Item Contributed by
Maine Historical Society/MaineToday Media
Text by CPT. Jonathan D. Bratten, Command Historian, Maine Army National Guard
Images courtesy of Maine Historical Society and Boston Public Library
The construction of Baxter Boulevard was completed in 1917, the year that the United States entered “The Great War.” More than 32,000 Mainers served in the conflict, with over 1,073 making the ultimate sacrifice. On Memorial Day of 1920, the City of Portland planted 100 Linden trees on Forest Avenue, each dedicated to the memory of one military service member who had died in the war or who had served honorably.
These trees were transplanted to Baxter Boulevard and lined the Boulevard from Forest Avenue to Brown’s Point. This became known as the Baxter Boulevard Memorial Grove. The idea of a memorial grove was not uncommon at the time. Memorial groves were planted across the country although only a few have survived. Portland’s Linden trees remain one of the few existing memorial groves and it is the largest World War I memorial in the state. Each tree was marked with a small metal disc bearing a number. This number corresponded to a service member, most of whom were from Portland, and many of which died in the war.
The memorial trees paint a picture of how men from Portland served all over the world and in some of the pivotal battles of World War I. The first tree was dedicated to the first Maine man to die in action in the service of the United States: Corporal Harold T. Andrews, from Portland. Tree #23 was dedicated to Corporal Jacob Cousins, the first Jewish soldier from Portland to die in the war. All branches of the military were represented. Tree #15 was in the memory of Ensign Ralph D. Caldwell, whose ship was torpedoed in the Atlantic by a German U-Boat. Tree #66 was for Corporal Gordon S. O’Donnell, US Marine Corps, killed in the pivotal battle of Belleau Wood on June 7, 1918.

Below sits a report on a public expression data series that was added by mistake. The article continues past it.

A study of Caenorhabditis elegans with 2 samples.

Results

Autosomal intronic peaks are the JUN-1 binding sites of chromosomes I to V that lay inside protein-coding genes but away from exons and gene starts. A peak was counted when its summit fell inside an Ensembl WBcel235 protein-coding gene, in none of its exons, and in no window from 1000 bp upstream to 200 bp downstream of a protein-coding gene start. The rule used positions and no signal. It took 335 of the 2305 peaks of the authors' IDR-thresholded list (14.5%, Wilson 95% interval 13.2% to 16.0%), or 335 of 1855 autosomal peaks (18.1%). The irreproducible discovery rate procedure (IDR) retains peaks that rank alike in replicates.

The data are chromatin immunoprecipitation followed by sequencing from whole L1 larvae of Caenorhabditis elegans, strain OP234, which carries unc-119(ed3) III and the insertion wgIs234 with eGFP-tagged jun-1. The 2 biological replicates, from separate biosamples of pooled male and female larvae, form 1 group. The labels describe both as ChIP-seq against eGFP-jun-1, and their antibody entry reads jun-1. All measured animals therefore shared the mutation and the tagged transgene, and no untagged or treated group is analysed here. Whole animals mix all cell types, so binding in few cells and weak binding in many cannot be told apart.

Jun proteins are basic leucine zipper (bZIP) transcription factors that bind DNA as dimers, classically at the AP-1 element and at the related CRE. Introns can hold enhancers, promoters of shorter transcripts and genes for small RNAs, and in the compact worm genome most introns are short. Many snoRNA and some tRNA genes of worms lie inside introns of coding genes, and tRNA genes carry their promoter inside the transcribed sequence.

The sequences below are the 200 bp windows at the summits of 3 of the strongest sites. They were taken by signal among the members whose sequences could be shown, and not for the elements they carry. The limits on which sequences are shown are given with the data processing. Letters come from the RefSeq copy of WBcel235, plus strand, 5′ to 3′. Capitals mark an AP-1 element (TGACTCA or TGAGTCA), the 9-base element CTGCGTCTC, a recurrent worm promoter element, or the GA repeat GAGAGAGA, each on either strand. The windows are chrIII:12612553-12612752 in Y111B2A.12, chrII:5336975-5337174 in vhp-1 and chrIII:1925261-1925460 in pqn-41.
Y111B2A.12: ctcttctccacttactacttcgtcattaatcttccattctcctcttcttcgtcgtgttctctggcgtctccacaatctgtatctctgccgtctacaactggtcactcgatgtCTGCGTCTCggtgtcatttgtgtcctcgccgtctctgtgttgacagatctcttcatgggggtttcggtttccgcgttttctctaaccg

Item Contributed by
Boston Public Library
Immigrants to the US were commemorated as well, such as Private Paolina Pellacia (Tree #67) from Italy, who enlisted into the Maine National Guard and on July 20, 1918 taking Hill 190 in the Aisne-Marne offensive. And lest we forget that bullets and shells were not the only killers in that war, there were many trees dedicated to the men who died of disease. Such as Private Harry B. Putnam (Tree #70) who died at Camp Devens, Massachusetts, probably of the deadly Spanish Influenza. Not all trees were for the men who died; some commemorate those who served honorably, such as Lieutenant Commander Reuben K. Dyer (Tree #29) who was the commander of the Maine Naval Militia before the war and served in the US Navy throughout the war in many prestigious positions.
Memorial Grove stands as a visual reminder of the cost of war and of Portland’s patriotism. As you enjoy the shade cast by the trees, spare a memory for the veterans of World War I and the world that they tried to create.